University of Nebraska Medical Center

Mentor Information

A high-quality postdoctoral training experience depends upon a realistic and productive relationship between a postdoctoral scholar and a mentor. UNMC is committed to facilitating such relationships by offering the highest levels of structural oversight, training, and supplemental workshops and seminars. 

Key Components to a Good Mentoring Experience


Frequent communication helps prevent problems from growing into grievances. Patience is required, as well as discernment: One postdoc might need regular, detailed instructions; another might need only to hear, “Do what excites you.” Early discussions should include the extent to which the postdoc can expect to take ownership of a project and plan on continuing the research after the postdoctoral appointment.

Regular weekly or biweekly meetings can help maintain communication. Meetings and other forms of communication are indispensable in establishing and maintaining the foundation for a mentoring relationship.

Research Guidance

In return for the postdoc's contributions, you will guide the postdoc toward becoming a better researcher. Most postdocs need such guidance, especially in the early months to avoid wasting time. They don't, however, need micromanaging; the adviser's goal is to allow the postdoc to grow toward independence and a relationship that becomes a collaborative one. 

As postdocs gain independence, they must learn to answer important questions: What distinguishes an important research problem from a routine one? What strategies are most likely to succeed? How much time will be needed to answer a question? 

Honest Evaluations

Evaluations are useful only if they are honest. Good work should be acknowledged and rewarded; less-than-good work should receive equally frank appraisal. No one's interests are served by allowing a subpar performance to continue indefinitely in order to avoid an unwelcome evaluation. On the other hand, evaluations should be constructive, not punitive.

The objective of regular evaluations is to identify weaknesses or problems, to create plans to address them, and ultimately to raise the level of performance and eventually the success of the individual. Evaluations need not be time-consuming. Brief, regular meetings can form a basis for useful feedback, suggestions for improvement, and performance assessments. Written progress reports (for example after the first 6 months and then annually) are needed to clarify performance for the postdoc, the institution, the funding organization and potential employers. A record of evaluations is especially important for reappointment or to find another job.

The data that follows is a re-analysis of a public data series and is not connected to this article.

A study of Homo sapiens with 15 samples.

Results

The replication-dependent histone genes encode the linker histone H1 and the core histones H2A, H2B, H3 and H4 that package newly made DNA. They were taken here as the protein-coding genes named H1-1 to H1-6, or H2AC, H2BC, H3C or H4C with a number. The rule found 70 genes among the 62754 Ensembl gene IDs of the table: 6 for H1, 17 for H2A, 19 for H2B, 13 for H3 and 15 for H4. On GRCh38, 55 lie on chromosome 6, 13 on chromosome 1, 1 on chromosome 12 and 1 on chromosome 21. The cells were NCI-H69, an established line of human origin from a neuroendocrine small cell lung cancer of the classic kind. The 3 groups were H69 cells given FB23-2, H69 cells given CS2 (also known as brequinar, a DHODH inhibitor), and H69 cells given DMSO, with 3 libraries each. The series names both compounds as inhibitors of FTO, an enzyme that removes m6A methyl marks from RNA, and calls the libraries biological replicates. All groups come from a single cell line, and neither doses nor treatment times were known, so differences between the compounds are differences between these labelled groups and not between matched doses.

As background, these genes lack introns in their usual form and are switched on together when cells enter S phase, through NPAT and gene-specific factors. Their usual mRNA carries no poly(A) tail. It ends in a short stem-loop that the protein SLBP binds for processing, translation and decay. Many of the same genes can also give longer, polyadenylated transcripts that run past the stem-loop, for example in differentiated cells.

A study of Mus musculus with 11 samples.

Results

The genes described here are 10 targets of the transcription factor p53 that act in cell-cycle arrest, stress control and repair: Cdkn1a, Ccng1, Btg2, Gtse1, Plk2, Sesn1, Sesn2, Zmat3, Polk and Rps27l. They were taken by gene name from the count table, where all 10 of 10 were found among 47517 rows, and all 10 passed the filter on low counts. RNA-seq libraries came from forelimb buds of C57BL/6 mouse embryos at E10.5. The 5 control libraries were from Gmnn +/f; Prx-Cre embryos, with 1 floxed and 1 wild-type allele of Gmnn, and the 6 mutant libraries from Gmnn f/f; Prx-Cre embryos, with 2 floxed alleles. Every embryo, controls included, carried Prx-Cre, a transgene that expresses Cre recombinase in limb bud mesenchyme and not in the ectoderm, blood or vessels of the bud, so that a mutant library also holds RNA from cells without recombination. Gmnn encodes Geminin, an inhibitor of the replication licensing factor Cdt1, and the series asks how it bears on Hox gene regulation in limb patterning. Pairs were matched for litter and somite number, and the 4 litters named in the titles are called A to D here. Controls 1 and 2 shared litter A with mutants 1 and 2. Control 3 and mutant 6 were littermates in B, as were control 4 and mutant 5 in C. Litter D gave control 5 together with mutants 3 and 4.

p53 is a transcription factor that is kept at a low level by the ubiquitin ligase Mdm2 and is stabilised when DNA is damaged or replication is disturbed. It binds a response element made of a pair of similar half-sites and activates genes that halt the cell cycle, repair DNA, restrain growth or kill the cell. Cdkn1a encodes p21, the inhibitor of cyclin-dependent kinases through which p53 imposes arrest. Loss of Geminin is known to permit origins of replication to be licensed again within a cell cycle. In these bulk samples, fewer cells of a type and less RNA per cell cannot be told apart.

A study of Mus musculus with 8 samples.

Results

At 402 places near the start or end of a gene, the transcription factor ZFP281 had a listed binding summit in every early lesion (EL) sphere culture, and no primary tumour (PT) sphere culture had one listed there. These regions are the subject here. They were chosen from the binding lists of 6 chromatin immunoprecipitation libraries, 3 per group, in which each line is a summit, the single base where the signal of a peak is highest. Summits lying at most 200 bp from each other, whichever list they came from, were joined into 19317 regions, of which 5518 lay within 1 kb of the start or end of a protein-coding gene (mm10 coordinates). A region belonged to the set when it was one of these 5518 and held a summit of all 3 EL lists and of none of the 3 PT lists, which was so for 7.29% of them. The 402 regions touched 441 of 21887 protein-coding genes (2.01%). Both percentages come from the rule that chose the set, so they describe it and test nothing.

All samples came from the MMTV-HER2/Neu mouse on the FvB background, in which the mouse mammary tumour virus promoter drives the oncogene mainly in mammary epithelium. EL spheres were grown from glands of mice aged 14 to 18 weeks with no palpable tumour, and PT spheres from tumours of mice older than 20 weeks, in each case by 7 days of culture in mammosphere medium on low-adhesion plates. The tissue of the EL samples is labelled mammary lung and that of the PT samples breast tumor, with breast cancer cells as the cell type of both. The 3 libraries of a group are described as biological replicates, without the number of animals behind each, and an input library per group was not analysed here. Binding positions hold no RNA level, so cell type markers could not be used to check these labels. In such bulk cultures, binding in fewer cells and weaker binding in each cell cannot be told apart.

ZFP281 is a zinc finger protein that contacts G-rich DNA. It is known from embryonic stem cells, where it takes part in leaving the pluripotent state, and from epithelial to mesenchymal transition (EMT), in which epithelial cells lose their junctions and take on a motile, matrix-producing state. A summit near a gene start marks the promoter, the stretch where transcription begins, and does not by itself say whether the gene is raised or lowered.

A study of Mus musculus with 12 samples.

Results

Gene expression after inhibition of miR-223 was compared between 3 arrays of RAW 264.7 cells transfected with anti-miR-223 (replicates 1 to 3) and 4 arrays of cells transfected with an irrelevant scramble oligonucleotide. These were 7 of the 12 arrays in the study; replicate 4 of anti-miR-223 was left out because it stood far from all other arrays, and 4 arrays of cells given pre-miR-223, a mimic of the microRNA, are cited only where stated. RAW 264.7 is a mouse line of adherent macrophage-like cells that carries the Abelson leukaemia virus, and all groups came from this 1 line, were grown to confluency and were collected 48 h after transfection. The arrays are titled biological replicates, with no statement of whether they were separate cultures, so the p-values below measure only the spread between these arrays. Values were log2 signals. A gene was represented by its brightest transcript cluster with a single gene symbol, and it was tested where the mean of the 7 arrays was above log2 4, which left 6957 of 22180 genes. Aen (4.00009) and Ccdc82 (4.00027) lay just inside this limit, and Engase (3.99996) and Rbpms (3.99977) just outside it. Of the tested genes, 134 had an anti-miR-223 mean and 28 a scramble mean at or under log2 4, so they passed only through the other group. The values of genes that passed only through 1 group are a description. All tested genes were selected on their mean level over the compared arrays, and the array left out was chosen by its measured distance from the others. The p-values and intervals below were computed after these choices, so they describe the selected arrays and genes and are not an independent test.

Guidance on Ethical and Proprietary Issues

The advisor should take the lead in discussing ethical standards early and often, especially with new postdocs and with postdocs from countries where standards may differ. Authorship especially carries a great potential for misunderstandings. A good policy is for the advisor and postdoc to discuss the authorship policy early. Other issues that should be discussed include plagiarism, public presentation of results and the integrity of data.

Given the importance of responsible conduct to both the research enterprise and the careers of individual researchers, a mentor should ensure that postdocs are instructed about any ethical issues of relevance to a particular program. Such issues may include data management, the use of human subjects, experiments on animals, conflicts of interest, resolving ethical dilemmas, whistle blowing and handling research sponsored by a for-profit entity.

Resolution of Mismatch

A mismatch could be due to many reasons and may lead to a conflict of expectations and thus distract both the postdoc and the mentor from achieving their goals. There could be a mismatch of expertise or enthusiasm for the project or the lab culture. Most of the time this can be discovered early, within six months. In such cases it is advisable to have a face-to-face meeting as early as possible. A discussion can lead to resolution of issues. If not, both the postdoc and scholar should draw a plan for amicable separation. The postdoc should be allowed to look for another position, and if possible, be helped by the mentor. While seeking a new position, the postdoc should not ignore the research they are involved in.

Resolution of Disputes

A dispute could occur for many reasons such as authorship issues and may turn out to be disruptive for the postdoc and mentor in achieving their goals. The sooner these issues are resolved the better. Because of their position of power, mentors have the larger responsibility in resolving disputes. When an impasse develops, the advisor (or postdoc) should not hesitate to ask a neutral party to help resolve the issue. If the impasse persists, the postdoc can approach the Office of Postdoctoral Education for grievance resolution.